Jordangruener / Wikimedia Creative Commons

Catholic Health Initiatives and Dignity Health, two massive not-for-profit hospital systems exploring a merger (they call it an "affiliation"), are sitting on very different financial foundations right now.

The numbers: Dignity Health reported Thursday a $165 million operating surplus in the first six months of its fiscal year, which ended Dec. 31, on $6.6 billion of revenue. CHI, meanwhile, lost $384 million on $8.1 billion of revenue in the same time period. CHI has struggled to manage its health insurance company, which it is selling, and the system has been weighed down by bloated expenses and fewer patients with commercial insurance.

Why this matters: This is one of the largest potential deals in the health care industry right now, and both sides are still evaluating the pros and cons. A combined CHI-Dignity system would have almost $30 billion in annual revenue, making it larger than companies like McDonald's or Macy's. But a glaring issue is whether CHI can stop the bleeding.


Supreme Court clears way for first federal execution since 2003

Lethal injection facility in San Quentin, California. Photo: California Department of Corrections and Rehabilitation via Getty Images

The Supreme Court ruled early Tuesday that federal executions can resume, reversing a lower court decision and paving the way for the first lethal injection since 2003 to take place at a federal prison in Indiana, AP reports.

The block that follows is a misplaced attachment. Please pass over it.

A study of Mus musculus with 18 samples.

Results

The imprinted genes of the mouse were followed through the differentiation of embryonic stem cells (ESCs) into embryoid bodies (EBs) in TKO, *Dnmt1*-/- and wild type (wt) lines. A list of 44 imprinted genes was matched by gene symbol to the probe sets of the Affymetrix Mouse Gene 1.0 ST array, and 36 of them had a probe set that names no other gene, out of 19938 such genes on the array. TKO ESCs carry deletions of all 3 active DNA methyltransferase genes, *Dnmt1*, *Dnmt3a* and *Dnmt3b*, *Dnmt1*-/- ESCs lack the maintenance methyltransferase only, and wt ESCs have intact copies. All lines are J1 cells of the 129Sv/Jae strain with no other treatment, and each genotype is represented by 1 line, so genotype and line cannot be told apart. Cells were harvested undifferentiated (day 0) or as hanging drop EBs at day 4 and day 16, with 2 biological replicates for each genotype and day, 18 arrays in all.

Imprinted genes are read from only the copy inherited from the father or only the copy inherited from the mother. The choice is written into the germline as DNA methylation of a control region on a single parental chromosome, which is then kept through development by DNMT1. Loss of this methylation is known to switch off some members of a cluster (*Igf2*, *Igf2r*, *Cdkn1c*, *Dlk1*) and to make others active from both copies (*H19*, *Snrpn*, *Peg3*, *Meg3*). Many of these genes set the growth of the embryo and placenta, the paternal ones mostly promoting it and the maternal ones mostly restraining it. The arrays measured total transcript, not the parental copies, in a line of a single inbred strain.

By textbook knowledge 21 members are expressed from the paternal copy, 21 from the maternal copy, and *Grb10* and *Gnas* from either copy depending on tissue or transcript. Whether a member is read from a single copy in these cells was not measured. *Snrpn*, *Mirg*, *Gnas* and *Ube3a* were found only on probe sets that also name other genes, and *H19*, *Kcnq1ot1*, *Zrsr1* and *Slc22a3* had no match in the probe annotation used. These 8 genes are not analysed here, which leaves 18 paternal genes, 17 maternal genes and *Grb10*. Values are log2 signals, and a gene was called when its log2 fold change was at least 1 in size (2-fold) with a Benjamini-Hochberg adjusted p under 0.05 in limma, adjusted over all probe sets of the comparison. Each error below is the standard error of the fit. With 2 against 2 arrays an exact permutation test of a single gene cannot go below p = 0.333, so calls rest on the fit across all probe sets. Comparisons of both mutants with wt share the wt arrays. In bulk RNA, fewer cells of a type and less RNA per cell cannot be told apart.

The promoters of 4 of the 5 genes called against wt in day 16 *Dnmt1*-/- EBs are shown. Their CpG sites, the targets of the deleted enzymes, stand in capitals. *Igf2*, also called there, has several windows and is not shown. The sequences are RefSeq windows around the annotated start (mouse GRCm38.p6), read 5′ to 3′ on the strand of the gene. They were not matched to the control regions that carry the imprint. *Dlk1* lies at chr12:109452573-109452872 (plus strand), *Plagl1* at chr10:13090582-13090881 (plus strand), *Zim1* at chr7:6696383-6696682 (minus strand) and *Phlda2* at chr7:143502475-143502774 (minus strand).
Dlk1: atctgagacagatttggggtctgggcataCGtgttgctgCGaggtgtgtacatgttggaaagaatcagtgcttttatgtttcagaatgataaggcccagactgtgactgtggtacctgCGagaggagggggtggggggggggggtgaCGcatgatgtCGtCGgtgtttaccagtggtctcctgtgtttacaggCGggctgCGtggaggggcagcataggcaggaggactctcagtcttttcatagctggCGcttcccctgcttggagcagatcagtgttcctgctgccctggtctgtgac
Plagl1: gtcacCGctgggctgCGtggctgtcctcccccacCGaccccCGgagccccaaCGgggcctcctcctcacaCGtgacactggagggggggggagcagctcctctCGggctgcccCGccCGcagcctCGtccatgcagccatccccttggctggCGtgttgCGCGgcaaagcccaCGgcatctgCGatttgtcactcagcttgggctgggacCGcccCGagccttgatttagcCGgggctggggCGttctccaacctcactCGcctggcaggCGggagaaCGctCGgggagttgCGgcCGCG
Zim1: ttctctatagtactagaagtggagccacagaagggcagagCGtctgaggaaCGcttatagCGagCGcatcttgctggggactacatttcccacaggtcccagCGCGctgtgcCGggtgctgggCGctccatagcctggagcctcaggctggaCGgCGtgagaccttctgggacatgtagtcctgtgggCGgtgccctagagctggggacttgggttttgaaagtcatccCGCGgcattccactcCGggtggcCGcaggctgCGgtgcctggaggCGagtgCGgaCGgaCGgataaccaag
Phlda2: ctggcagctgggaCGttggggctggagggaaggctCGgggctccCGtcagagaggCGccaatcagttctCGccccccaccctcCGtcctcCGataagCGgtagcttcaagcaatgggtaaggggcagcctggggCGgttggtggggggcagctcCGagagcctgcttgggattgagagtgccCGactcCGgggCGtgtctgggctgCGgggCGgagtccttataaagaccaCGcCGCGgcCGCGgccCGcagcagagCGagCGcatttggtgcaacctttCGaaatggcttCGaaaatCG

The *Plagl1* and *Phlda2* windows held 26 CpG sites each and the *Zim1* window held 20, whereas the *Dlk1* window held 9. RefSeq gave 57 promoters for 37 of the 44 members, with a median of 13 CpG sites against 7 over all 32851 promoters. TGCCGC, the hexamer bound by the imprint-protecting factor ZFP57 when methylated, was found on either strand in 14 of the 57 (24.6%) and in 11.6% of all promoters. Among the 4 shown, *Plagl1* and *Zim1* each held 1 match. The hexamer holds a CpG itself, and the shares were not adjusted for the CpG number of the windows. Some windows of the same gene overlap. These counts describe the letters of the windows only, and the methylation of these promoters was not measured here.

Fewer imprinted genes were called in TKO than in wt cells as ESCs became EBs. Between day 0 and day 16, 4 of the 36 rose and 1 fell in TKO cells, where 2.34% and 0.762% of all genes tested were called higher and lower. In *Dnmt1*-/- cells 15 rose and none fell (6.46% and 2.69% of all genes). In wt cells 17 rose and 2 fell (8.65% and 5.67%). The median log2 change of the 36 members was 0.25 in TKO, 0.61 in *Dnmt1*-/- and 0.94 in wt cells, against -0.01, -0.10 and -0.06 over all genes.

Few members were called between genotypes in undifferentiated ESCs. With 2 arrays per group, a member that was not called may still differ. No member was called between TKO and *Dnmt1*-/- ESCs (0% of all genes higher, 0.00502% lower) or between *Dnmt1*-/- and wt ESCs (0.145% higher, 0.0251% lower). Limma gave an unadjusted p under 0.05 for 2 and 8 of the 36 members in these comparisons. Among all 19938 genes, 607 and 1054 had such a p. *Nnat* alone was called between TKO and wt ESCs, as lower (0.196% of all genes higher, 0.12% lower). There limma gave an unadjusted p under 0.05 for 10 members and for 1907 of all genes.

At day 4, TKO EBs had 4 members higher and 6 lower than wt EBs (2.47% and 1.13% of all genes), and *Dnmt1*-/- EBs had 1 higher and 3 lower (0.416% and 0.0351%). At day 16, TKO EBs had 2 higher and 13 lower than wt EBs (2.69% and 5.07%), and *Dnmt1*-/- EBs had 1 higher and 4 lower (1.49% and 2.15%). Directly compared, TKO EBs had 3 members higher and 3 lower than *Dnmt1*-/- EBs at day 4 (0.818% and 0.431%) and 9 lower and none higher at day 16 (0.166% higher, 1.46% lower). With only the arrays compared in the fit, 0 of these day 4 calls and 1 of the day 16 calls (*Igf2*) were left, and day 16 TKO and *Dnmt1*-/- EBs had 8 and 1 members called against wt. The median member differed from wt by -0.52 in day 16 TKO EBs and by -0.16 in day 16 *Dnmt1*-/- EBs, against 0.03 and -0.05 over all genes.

The big picture: A lower court had delayed the execution, saying inmates had provided evidence the government's plan to carry out executions using lethal injections "poses an unconstitutionally significant risk of serious pain."

1 hour ago - Health

More Republicans say they're wearing masks

Data: Axios/Ipsos poll; Chart: Andrew Witherspoon/Axios

Nearly two-thirds of Americans — and a noticeably increasing number of Republicans — say they’re wearing a face mask whenever they leave the house, according to the latest installment of the Axios-Ipsos Coronavirus Index.

Why it matters: A weakening partisan divide over masks, and a broad-based increase in the number of people wearing them, would be a welcome development as most of the country tries to beat back a rapidly growing outbreak.

Buildings are getting tested for coronavirus, too

Illustration: Eniola Odetunde/Axios

Testing buildings — not just people — could be an important way to stop the spread of the coronavirus.

Why it matters: People won't feel safe returning to schools, offices, bars and restaurants unless they can be assured they won't be infected by coronavirus particles lingering in the air — or being pumped through the buildings' air ducts. One day, even office furniture lined with plants could be used to clean air in cubicles.